This is my contribution to the CinemaScope blogathon, running from March 13 to 16, which is being organised by Classic Becky’s Brain Food and Wide Screen World – please visit and take a look at the other postings!
I’m a fan of Frank Sinatra, so in his centenary year I couldn’t resist choosing Three Coins in the Fountain to write up for the blogathon. While Sinatra doesn’t appear – and isn’t even credited! – his singing of the great title song is probably the first thing that comes to mind for most people when thinking of this film. My mum tells me that everyone came out of the cinema singing it when the film was released in 1954. The lyrics of the Jule Styne/Sammy Cahn number don’t have a great deal to do with the plot, but it really doesn’t matter. This is a movie where you definitely wouldn’t want to miss the first few minutes, with the song swelling out over stunning footage of the Trevi Fountain, followed by sweeping shots of Rome.
Of course, another reason for visiting this film this year is in tribute to French star Louis Jourdan, who died a few weeks ago aged 93. Sadly he doesn’t get a chance to sing here, as he did in Gigi a few years later, but he does play the piccolo – and gives an amusing performance as a conceited prince. There’s no explanation as to why an Italian prince has a French accent!
Jourdan might be one of the star names in the film’s cast list, along with Dorothy McGuire and Clifton Webb, but name-above-the-title billing originally went to CinemaScope, judging by the trailer. Most of its three-and-a-half minutes are devoted to Italian scenery, with claims that only the latest widescreen format is big enough to do justice to the beauty of Rome and Venice. This was the first CinemaScope production made on location outside the US, and it presented technical challenges for director Negulesco and his crew – but the breathtaking, glossy Technicolor results were a triumph. It’s no surprise to learn that cinematographer Milton R. Krasner won an Oscar, along with Styne and Cahn. I’d be prepared to bet that Italian tourism was another winner.
The film is based on a novel, by John H. Secondari, but clearly also took inspiration from the previous year’s hit movie Roman Holiday (made in black and white). Like that film, Three Coins also plays out bitter-sweet romance against a backdrop of the city’s historic landmarks – but this time there are three couples involved. That opening scene at the Trevi fountain features three women, all American secretaries living in Rome, and the rest of the film follows their love lives. Actually, only two of them throw coins in the fountain in hope of returning to the Eternal City. Although all three are seen enjoying their independent working lifestyle, marriage is clearly their main ambition – as in Negulesco’s previous film, How to Marry a Millionaire.
One of the trio, new arrival Maria (Maggie MacNamara) sets out to catch herself a rich prince, Dino (Jourdan) – spinning a web of deceit as she pretends to be a huge fan of everything he likes, from particular dishes to operatic numbers. Her scenes are the most lighthearted, and indeed at times almost farcical. MacNamara is charming in the role and at times reminded me a bit of Audrey Hepburn, while Jourdan manages to make Dino an attractive character despite being conceited.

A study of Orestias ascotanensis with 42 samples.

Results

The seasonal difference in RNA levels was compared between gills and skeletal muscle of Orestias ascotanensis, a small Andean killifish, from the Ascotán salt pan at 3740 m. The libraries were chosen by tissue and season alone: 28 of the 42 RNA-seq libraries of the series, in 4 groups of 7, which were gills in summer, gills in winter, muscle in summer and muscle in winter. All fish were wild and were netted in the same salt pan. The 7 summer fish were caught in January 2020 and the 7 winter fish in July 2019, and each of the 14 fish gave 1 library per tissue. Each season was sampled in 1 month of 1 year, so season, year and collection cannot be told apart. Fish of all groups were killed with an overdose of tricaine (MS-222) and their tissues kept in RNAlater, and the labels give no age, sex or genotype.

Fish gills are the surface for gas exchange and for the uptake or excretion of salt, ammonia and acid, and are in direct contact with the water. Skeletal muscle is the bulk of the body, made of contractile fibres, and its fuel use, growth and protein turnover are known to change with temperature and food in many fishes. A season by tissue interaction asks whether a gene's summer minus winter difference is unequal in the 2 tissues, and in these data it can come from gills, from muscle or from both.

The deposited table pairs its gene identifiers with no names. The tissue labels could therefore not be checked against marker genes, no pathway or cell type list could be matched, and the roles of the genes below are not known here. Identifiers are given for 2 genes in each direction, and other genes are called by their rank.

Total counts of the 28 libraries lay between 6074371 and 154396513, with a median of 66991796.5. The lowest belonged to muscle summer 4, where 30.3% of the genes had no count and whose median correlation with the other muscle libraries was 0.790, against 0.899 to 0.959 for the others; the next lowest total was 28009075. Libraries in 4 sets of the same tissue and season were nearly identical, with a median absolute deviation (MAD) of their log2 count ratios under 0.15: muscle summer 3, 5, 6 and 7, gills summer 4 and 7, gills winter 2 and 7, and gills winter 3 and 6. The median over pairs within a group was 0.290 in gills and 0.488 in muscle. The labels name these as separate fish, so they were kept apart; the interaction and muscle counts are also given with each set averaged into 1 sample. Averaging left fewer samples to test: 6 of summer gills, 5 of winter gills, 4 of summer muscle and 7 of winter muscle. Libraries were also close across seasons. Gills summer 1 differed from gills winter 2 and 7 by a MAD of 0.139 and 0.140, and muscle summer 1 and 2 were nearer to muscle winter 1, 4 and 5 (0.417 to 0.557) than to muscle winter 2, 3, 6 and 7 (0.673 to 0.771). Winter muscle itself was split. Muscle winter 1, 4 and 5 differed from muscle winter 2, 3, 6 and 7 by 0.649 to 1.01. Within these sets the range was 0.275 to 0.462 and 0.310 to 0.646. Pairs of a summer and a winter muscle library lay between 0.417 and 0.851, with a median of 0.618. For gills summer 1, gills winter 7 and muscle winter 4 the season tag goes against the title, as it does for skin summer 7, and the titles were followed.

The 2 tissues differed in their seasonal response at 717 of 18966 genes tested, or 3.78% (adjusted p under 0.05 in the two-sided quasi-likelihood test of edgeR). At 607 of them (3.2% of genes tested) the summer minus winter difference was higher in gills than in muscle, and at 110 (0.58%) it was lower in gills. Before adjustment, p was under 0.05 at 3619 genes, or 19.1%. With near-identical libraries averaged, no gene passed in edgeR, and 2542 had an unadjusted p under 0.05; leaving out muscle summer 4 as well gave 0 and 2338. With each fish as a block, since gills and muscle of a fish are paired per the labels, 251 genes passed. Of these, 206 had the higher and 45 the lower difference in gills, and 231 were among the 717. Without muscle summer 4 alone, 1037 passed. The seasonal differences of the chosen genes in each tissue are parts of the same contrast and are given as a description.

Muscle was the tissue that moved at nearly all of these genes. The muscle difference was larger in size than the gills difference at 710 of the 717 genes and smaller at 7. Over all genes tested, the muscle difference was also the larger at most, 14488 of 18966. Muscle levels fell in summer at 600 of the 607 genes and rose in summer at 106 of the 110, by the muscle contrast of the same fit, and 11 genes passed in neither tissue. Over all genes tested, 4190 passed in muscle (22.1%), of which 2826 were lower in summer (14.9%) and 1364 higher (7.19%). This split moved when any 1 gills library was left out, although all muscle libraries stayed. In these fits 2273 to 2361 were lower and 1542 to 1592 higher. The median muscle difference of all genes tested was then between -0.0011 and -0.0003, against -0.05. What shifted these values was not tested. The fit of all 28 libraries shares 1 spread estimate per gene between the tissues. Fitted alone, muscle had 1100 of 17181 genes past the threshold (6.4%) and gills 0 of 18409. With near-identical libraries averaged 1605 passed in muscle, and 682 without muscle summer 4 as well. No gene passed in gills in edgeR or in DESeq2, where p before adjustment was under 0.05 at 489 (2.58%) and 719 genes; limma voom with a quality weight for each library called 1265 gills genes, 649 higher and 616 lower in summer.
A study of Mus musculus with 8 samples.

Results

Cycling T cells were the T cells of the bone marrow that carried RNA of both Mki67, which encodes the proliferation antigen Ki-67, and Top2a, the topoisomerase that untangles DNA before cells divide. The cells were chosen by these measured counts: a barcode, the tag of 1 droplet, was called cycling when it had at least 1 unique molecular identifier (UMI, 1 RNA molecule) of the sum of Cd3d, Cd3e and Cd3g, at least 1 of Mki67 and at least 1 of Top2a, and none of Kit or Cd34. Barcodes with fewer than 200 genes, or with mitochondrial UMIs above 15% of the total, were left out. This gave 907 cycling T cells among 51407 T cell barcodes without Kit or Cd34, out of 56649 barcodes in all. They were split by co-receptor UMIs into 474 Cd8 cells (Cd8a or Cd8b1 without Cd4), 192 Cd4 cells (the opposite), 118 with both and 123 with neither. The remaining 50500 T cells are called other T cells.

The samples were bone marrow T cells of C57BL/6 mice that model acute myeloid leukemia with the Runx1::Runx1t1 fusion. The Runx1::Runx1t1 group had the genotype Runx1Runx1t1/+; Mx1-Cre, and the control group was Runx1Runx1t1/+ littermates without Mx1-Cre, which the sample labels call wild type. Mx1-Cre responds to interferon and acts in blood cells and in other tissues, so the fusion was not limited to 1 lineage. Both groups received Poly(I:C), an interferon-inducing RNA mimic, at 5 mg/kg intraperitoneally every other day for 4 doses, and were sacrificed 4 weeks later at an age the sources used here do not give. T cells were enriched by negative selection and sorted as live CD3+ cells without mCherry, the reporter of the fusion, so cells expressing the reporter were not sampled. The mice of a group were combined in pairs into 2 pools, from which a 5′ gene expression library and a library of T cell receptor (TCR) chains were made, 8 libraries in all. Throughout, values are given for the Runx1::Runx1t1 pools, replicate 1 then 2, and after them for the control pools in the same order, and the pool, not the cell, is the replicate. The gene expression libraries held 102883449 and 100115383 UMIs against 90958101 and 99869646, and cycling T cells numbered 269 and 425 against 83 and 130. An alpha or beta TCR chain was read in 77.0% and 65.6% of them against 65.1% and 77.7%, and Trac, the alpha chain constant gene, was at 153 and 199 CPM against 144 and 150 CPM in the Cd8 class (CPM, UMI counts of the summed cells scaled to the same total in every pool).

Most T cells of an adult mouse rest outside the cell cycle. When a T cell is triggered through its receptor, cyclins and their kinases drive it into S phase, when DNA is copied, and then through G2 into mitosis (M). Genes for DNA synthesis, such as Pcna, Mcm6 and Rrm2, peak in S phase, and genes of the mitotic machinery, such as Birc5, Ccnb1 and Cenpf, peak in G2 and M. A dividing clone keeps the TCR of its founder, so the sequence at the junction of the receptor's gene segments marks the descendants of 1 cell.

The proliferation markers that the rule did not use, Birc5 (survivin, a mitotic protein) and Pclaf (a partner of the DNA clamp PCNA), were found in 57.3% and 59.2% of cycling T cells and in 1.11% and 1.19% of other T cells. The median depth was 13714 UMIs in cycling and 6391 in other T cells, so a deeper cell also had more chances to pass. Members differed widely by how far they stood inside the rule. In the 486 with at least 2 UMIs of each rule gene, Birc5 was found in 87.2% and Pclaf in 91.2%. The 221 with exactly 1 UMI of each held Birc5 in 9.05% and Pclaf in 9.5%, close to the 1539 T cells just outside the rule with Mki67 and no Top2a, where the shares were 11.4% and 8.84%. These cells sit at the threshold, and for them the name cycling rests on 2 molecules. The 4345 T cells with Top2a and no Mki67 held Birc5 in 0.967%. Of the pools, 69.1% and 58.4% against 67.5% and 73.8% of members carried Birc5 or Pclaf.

The second secretary, Anita (Jean Peters) has already been in Rome for several years and is now planning to head home, apparently because she thinks she will stand more chance of finding a husband in the US. However, just days before she is due to depart, she becomes involved with a colleague, Giorgio (Rossano Brazzi) – defying a strict office rule against work relationships. I especially enjoyed the scenes featuring this couple, since they spend a lot of time outside in the Italian countryside.
Meanwhile, the oldest of the three, Frances (Dorothy McGuire) has been carrying a torch for her boss, writer John Frederick Shadwell (Clifton Webb) for 15 years. The question is whether he will ever return her feelings – or even notice them. Webb plays a sarcastic character here, similar to his role in the previous year’s Titanic, also directed by Negulesco. He also gets most of the film’s best one-liners.
Some reality does intrude into the film, for instance with the money worries of Dino, as well as a dark plot twist which casts a shadow over one of the couples. But in general this is a sunny, feelgood movie, suffused with the dreamy flavour of that opening Sinatra song. One review at the imdb points out that this seems to be a version of Italy where the Second World War has never happened – we are told that Frances and Shadwell have been living here for 15 years, which would mean they were in Rome all through the fascist period. Clearly that’s not something we are supposed to worry about here – even if the crumbling buildings do provide an occasional involuntary reminder of the conflict.
All in all, this isn’t a masterpiece, but it is a film I enjoyed – and that CinemaScope scenery, including some Venetian sequences, is stunning. I’m slightly saddened that I’ve only been able to see it on DVD, since it hasn’t had a Blu-ray release as yet. The picture quality isn’t great on the bare-bones UK release from Twentieth-Century Fox, but I understand that the US DVD is made from a restored print and also has some special features. Of course, the best place to see this one would be on the big screen and I’d love the chance to do that some day.